Sunday, 27 April 2014

Homeward bound.


‘Oh, to be in England now that April’s there’
- Robert Browning.

We had planned an adventure lasting 2-3 years. 2 years and 8 months later we were setting off to cross the channel, returning to Britain and a new life.

The lovely crew of Kalao had said goodbye and we were waved off from Brest with the sun shining over the castle. Our insides churned with a mix of emotions – excitement at the journey to come, a pang at leaving somewhere we had become fond of, a yearning to arrive in England and a healthy dose of anxiety as we set out into the unpredictable and unforgiving sea with our home and children.

The Goulet spat us out with the current and we passed the Point St Mathieu with its distinctive buildings. Then it was on into the notorious waters of the Chanel du Four, framed with fangs of jagged rocks and marked by numerous beacons and lighthouses.


Finally underway, bound for England

Out into the Atlantic proper and with a fetch all the way from America, the water was lumpy. The bows rose up on each wave before falling back, banging and shaking the whole boat. Everything was well secured but as the motion got worse things which have never moved before took on a life of their own. Magazines spilled from their storage, spice pots danced along the table top and all the time the waves hammered on the underside of the boat.

At this point with nothing around us for miles but the ocean we were completely alone in the world. Occasionally the radio would spurt a message into our little bubble letting us know that the ‘real’ world had not ended. We travelled on heading northwards, slowly but surely. When one of the alternator belts snapped, the skipper managed a new record of 10 minutes to replace it. On we chugged until the sun set, dropping down covered by cloud in an unimpressive fizzle.

Nothing in all directions
 
It was a very long and dark night. We tried tacking and calculated that under sail alone the journey would take over 48 hours which was not only an uninspiring thought but would also take us out of our weather window into a worsening forecast. The shipping lanes were busy. Lines of lights marched across the horizon like glowing centipedes, first in one direction then in the other. We watched carefully, dodged when necessary, manned the VHF and safely got through.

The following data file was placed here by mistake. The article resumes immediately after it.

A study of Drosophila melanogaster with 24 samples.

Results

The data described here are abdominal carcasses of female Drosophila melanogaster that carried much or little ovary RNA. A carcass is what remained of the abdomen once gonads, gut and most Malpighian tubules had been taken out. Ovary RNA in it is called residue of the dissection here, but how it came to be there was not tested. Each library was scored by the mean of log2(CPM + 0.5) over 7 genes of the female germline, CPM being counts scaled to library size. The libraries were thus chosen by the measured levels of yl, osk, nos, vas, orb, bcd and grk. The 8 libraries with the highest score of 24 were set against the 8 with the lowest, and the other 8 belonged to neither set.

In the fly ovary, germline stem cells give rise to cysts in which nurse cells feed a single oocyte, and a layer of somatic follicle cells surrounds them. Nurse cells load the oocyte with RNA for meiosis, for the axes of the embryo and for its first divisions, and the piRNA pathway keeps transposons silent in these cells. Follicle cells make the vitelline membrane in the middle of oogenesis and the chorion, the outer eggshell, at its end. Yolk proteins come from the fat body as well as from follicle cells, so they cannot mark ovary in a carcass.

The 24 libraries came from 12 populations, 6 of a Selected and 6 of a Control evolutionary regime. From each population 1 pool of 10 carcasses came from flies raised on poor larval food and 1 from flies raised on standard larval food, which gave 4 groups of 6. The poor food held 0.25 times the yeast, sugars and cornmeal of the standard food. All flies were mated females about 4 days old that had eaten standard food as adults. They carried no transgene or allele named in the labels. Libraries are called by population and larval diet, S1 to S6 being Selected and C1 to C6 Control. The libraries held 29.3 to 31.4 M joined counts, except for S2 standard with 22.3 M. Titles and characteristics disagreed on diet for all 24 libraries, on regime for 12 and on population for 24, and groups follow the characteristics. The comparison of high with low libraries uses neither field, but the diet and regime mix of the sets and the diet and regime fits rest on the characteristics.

Swirling water would sometimes spin us off course and with no focal point in the empty blackness it was very disorientating. Correcting the wheel back to the compass heading is counter intuitive as your body screams to keep going on in the same direction.

Finally the morning came and we were over half way, now that all the ports of refuge were in England not France it felt like we were getting there. Breakfast and a mug of tea made for a happy crew and another long day started. Reaching the Eddystone lighthouse after lunch was good and by late afternoon we could see the outer wall of Plymouth harbour.
 
Because of the wind and currents the estimated time for arrival kept changing and as we approached, texts were flying backwards and forwards to my Dad who was waiting for us. The last few hours seemed to take an age as Tarquilla crept tantalisingly closer to our destination. We were tired, we were tense and the end of this trip and this adventure were so close. Plymouth had become the mythical land, now here it was. Through the binoculars we could see our space. The skipper brought us in, the deckhands hugged their Grandad with pure joy and once all the ropes were on we toasted our arrival with French wine.


Inside Plymouth outer breakwater, crew on the deck
 
We spent the first few days in England sampling the delicacies we have been missing - fish and chips eaten out of the paper, bacon sarnies and weetabix. Then there were the other things which made it special like walking across windy hill tops with family, eating meals with our wonderful ‘support team’, Easter eggs, Christmas presents, a special cake made by my Mother-in-law and a flood of welcome home texts, e-mails and messages from friends and family. Saying goodbye to our parents knowing that it would only be a couple of weeks before we would see them again felt so different to waving them off for months at a time.

Since then it has been a week of vision tests and new glasses, looking at schools and cars and making phone calls. We’ve crossed to the city on the ferry, found the local shops and unpacked the ocean grab bags and medical box. Looking back now at photos taken in Brest it seems like a long time ago.

Ferry across the harbour to the centre of Plymouth
 
As for coming back to England; there is so much traffic, the money feels too big, nothing shuts at lunch time and everyone speaks the same language. There are different songs on the radio and post vans and boxes are the wrong colour. It is confusing and nice and actually feels quite strange.

It will take some adjusting and I think that for us the chance to set up somewhere different makes it somehow easier. We are not trying to fit back into a life that we left, we are moving forward to something new. The ‘big adventure’ was fantastic and we are so glad that we did it. Now with those memories echoing in our heads we are starting again. It’s exciting and daunting but we will work together as a crew to look at our options, make decisions and enjoy whatever happens next.
 
Plymouth Hoe
 
 
Thanks for following our trip and our random thoughts, we really appreciate all the wonderful support we have had throughout our travels,
from all of the Tarquilla crew.

       You can still follow Tarquilla on facebook. Although we are now back in England we will be staying on the boat and there will be more adventure - and blogs - to come.